Abstract 20485: Follow up in African American Women


Objective: To examine and identify sociodemographic and clinical factors associated with health provider FU among African American women with a systolic blood pressure greater than 140.

Methods: Participants were AA women (n=401) with and without a prior history of HTN; mean age 51 ± 14 years, mean SBP 133±19, DBP 83±13, BMI 32 ± 9.2 with 52 % >30, 87.9% insured status, 58% college educated, and 36% with prior diagnosis of HTN. The Behavioral Model of Health Service Use guided variable selection for predictors of health provider FU. Baseline (BL) variables and measures: age, education, insurance, income, BMI, SBP, diastolic BP (DBP), HTN history, and recommended health FU. Analysis included descriptive, correlational, and logistic regression statistics.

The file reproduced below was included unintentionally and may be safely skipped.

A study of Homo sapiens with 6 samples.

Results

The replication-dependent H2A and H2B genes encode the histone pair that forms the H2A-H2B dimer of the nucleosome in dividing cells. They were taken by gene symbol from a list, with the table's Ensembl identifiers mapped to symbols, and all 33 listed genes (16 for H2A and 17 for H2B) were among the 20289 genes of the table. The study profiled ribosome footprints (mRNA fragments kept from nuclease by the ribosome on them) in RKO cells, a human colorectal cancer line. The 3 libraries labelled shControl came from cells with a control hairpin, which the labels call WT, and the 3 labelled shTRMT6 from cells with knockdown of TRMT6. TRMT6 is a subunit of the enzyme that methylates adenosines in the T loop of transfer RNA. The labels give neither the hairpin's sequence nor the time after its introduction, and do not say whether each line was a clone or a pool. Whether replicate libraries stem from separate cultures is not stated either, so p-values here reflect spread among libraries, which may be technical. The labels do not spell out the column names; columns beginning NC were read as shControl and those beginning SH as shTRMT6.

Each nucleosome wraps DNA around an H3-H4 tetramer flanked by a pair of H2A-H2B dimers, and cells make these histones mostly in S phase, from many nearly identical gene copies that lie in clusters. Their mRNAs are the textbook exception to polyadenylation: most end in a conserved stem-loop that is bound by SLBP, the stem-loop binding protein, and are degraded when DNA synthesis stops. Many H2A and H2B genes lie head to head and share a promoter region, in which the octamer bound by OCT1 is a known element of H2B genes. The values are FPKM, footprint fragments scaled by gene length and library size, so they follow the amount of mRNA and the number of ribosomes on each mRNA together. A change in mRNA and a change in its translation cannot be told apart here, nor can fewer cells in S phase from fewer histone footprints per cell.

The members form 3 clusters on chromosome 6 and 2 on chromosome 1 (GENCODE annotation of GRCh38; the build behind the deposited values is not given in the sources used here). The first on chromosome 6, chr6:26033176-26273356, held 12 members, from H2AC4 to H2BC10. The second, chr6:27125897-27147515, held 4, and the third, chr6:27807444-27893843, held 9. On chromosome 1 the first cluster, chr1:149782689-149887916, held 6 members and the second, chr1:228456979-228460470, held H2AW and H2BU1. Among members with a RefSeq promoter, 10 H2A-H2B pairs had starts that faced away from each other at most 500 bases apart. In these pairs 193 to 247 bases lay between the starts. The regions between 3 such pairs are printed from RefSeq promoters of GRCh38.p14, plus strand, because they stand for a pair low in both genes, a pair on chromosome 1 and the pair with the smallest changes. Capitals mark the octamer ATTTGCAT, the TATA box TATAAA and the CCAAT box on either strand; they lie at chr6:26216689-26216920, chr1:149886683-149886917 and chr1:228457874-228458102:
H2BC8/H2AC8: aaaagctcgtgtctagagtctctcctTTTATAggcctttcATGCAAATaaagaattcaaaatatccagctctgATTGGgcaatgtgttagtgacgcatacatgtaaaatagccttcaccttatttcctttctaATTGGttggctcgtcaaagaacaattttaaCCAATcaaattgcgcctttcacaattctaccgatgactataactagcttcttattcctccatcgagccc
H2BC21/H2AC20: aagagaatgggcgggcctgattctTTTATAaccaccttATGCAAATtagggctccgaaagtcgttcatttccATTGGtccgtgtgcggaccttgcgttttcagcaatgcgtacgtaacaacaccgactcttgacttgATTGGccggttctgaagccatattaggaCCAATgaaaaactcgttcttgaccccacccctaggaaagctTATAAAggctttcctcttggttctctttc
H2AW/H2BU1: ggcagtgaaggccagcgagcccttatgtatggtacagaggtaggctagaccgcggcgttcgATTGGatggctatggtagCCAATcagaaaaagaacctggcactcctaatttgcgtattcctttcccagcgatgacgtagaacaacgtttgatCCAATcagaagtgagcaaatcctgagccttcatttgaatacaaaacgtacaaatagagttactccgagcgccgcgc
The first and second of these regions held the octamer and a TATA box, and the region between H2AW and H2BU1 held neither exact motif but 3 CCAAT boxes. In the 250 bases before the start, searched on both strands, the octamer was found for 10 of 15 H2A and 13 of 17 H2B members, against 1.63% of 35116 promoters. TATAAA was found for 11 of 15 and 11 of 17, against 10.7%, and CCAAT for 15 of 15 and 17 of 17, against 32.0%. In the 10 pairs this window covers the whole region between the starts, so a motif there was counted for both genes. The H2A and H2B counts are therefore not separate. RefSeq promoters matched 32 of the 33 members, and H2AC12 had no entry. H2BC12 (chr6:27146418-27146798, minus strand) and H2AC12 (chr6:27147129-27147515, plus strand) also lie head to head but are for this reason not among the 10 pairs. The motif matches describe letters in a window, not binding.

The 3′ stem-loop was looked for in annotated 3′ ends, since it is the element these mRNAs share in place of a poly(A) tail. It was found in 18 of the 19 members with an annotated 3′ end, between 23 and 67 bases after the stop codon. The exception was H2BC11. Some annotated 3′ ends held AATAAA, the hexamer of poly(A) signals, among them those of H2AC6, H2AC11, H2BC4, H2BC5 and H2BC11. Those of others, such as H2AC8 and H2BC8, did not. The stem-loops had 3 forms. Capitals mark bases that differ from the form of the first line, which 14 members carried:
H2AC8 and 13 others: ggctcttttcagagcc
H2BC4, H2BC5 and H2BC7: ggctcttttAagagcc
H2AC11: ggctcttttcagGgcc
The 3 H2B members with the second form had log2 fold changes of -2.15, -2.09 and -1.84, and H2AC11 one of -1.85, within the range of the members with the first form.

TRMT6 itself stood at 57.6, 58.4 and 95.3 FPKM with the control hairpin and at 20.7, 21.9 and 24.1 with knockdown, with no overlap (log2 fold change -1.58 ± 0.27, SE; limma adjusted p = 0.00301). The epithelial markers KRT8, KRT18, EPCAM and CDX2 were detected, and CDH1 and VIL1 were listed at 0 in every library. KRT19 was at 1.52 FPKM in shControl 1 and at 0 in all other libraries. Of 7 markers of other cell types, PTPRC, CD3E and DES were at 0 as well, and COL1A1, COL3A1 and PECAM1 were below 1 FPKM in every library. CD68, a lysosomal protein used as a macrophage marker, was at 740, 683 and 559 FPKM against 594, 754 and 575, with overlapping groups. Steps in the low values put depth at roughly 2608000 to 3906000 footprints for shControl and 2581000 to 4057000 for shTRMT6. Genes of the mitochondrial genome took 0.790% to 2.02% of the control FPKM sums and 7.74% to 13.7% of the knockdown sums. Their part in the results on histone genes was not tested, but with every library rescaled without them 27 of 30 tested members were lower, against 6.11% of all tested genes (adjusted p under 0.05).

Results: A total of 37 (9.2%) were referred for provider FU. Only 32.4% of those referred (n=12) sought FU compared to 68% (n=25) of those that did not. Sociodemographic and clinical variables were entered into the logistic regression model. For each 1-unit increase in BMI, the odds of provider FU in women were 1.03 times higher than those that did not FU post screening (OR 1.03, 95% CI:1.01-1.06, p=.01).

Discussion: Elevated BMI was the only predictor of health provider follow-up among AA women. Obesity is a significant risk factor for cardiovascular disease morbidity and mortality and may trigger greater self-perceived risk and FU. FU was low and of concern was the lack significance of HTN history in the model. Greater research is needed to identify strategies to promote effective FU after HTN risk identification.